Wednesday, 9 June 2010

The Melody Maker of the Savoy: A Chat with Sir Arthur Sullivan. Part 1

An interesting interview from 110 years ago from The Star Newspaper. This is the first part of a long article, but is well worth reproducing.

(From Our London Correspondent.) London, Dec. 6. The following interesting interview with Sir Arthur Sullivan, on his methods of work, will serve as a prologue to the article on the new opera at the Savoy, which I shall be sending you next week. The piece as yet remains unchristened, but will probably be called the The Gondoliers. A sketch of the play similar to the one I sent you recently appears in the current issue of the Pall Mall Budget in Gilbert’s own handwriting. During the last few weeks there has been no busier man in all London than Sir Arthur Sullivan. When he has not been at work upon the score of his new opera, he has had to transfer his energies to the stage of the Savoy Theatre, and divide his time between the piano and the baton. Little wonder, then, that his Cerberus[i] in Victoria Street has been more than ordinarily cautious in the selection of those favoured callers whom he graciously allows to pass into the presence of England's most popular composer.

By a fortunate combination of circumstances (writes a representative of the Pall Mall Gazette) I found myself the other evening on the threshold of No. 2 Queen's Mansions, and, being duly armed with the password, was requested to ‘step this way.’ The mighty melody-maker is sitting in the cosy little room which has witnessed the evolution of so many operas. Books and pictures surround him on all -sides. In one corner stands the piano – whose resounding wires have given birth to countless tunes. Sir Arthur, who looks quite appropriately Venetian in his flannel shirt and loose open jacket, is pondering over a voluminous bundle of ‘score’, and occasionally indicating orchestral effects in pencil upon the a blank sheet.

"I am terribly busy, and have only a few minutes to spare” are his first words, as he greets me with a cordial handshake, "A few minutes," however, is an elastic phrase, and so I install myself in an available armchair. "I am just thinking out the overture,” Sir Arthur goes on, “for, of course, we must have something to play before the curtain goes up. This is the second act” - and he points to the pile of music in front of him - “from which I am taking a theme or two. We have had our first band rehearsal to-day at Princes’ Hall, and correcting the parts is no light task, I can assure you.”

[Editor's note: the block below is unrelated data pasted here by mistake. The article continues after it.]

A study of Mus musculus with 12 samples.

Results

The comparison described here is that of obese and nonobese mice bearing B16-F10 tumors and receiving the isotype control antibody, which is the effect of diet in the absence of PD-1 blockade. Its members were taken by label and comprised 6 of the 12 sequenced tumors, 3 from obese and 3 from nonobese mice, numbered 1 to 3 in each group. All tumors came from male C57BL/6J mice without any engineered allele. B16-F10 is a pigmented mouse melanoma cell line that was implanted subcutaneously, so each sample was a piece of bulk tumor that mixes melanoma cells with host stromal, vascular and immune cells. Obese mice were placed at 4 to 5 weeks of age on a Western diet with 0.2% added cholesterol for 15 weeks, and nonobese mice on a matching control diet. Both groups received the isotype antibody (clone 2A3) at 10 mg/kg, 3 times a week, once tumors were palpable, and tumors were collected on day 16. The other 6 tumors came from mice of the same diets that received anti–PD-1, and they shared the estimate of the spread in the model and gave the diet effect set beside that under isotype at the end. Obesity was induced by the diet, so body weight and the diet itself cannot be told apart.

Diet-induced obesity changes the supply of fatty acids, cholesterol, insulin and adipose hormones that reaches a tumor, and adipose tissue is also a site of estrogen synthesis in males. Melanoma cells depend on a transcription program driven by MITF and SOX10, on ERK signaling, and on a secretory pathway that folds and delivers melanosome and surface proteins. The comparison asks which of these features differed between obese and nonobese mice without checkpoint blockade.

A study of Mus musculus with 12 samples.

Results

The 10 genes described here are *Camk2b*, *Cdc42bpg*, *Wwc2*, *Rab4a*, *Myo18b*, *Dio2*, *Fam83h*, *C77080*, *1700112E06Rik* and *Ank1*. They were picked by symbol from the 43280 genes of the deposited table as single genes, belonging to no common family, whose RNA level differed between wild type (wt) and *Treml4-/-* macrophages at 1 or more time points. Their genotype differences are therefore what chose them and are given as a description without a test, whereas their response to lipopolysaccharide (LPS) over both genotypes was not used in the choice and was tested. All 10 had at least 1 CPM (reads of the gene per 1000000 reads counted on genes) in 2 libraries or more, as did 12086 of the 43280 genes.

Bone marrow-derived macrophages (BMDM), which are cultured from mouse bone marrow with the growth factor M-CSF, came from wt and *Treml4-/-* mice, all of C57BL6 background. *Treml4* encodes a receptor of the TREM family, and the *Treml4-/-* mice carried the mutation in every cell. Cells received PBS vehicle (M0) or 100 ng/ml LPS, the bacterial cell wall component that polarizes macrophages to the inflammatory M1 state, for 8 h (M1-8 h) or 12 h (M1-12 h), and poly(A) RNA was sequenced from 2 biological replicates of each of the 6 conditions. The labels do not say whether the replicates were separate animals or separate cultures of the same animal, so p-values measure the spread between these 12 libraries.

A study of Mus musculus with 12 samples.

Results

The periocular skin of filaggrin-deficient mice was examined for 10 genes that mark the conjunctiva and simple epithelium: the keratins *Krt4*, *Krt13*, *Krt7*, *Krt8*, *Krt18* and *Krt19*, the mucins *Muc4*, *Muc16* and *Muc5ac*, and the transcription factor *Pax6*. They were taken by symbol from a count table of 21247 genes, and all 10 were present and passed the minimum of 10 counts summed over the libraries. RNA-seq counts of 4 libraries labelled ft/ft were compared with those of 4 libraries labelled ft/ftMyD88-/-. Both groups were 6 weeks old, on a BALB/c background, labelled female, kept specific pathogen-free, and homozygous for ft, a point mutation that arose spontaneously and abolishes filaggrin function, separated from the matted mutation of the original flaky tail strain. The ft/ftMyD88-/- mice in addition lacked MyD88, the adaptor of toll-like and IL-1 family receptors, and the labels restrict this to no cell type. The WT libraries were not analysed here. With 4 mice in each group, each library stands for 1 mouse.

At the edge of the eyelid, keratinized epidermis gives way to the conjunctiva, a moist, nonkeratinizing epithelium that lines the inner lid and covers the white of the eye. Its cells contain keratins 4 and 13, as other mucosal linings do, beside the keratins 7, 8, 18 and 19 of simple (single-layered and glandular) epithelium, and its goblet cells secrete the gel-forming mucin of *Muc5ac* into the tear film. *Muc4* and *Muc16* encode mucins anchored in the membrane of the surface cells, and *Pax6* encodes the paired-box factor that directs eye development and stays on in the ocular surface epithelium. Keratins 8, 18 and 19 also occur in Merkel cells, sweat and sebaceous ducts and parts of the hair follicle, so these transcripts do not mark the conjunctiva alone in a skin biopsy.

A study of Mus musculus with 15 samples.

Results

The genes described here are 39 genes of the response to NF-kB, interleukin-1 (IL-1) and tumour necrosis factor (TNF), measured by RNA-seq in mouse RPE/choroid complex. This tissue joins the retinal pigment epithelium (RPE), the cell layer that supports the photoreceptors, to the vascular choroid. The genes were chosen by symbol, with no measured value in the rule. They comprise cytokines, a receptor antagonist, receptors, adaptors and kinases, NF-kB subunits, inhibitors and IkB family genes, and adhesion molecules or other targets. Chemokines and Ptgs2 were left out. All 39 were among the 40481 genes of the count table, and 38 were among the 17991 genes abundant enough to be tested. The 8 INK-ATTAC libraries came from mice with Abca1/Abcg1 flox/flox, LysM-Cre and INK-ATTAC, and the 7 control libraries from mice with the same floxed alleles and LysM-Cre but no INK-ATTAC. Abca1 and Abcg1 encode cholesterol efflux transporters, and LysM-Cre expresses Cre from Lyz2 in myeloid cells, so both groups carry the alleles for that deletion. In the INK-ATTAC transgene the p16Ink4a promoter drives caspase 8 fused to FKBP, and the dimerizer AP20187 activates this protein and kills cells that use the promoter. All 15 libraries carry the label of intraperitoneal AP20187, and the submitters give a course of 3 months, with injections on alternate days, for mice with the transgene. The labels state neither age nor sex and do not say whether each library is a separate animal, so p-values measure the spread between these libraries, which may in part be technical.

"And do you always leave your overtures to the last moment?" “Oh, yes! always. Hamilton Clarke[ii], who is now in Australia, used to help me with them very often when. I was pressed for time. Do you remember the Mikado overture? He did that for me. I just arranged the order of the piece — the ‘Mikado’s March,’ then ‘The-sun whose rays,’ first, for the oboe and then for violins and ‘cellos, two octaves apart, and finally the allegro. He wrote the whole thing in a very few hours: in fact, he made it almost too elaborate, for I had to cut it down a little. The Iolanthe overture was a quick bit of work, too. I did that myself, completing it in less than two days. And there was a lot of fresh writing in it too. I dare say you will recollect the ‘Captain Shaw’ motive combined with those florid passages for the woodwind."
“And is the new overture to be in strict ‘form?’” "No. As you know, I took the trouble to do that in the case of The Yeomen of the Guard, but it went for nothing after the first night." I venture to dissent from this last statement, but Sir Arthur is inflexible on the subject. "Naturally," he says, "I should prefer to please serious musicians in such a matter, but one must consider the general public."

"Of course you will have an oboe solo in your introduction?” - "Ah, that settles it," laughs the composer. "I was just considering that point when you came in, but as you have put it in that way, I shall not do so this time." I shudder at the possible mischief I have done, and beg Sir Arthur not to throw over the instrument he always treats so beautifully. “Well,” he says, "what is one to use for a solo if not the oboe? The clarinet is not really effective, the flute- is out of the question, so is the bassoon; the cornet I hate as a solo instrument and strings would hardly do. So you see it is a case of reductio ad ‘oboe’.
‘The Melody Maker of the Savoy – ‘A Chat with Sir Arthur Sullivan’ The Star 25 January 1890 (with minor edits)

[i] Cerberus – According to Greek & Roman Mythology, A three-headed hound that guarded the Gates of Hell.
[ii] James Hamilton Siree Clarke (25 January 1840 – 9 July 1912), who better known as Hamilton Clarke, was an English conductor, composer and organist. Although Clarke was a composer in his own right he is now associated with Arthur Sullivan, for whom he arranged music and compiled overtures for some of the Savoy Operas, including Gilbert and Sullivan's The Mikado.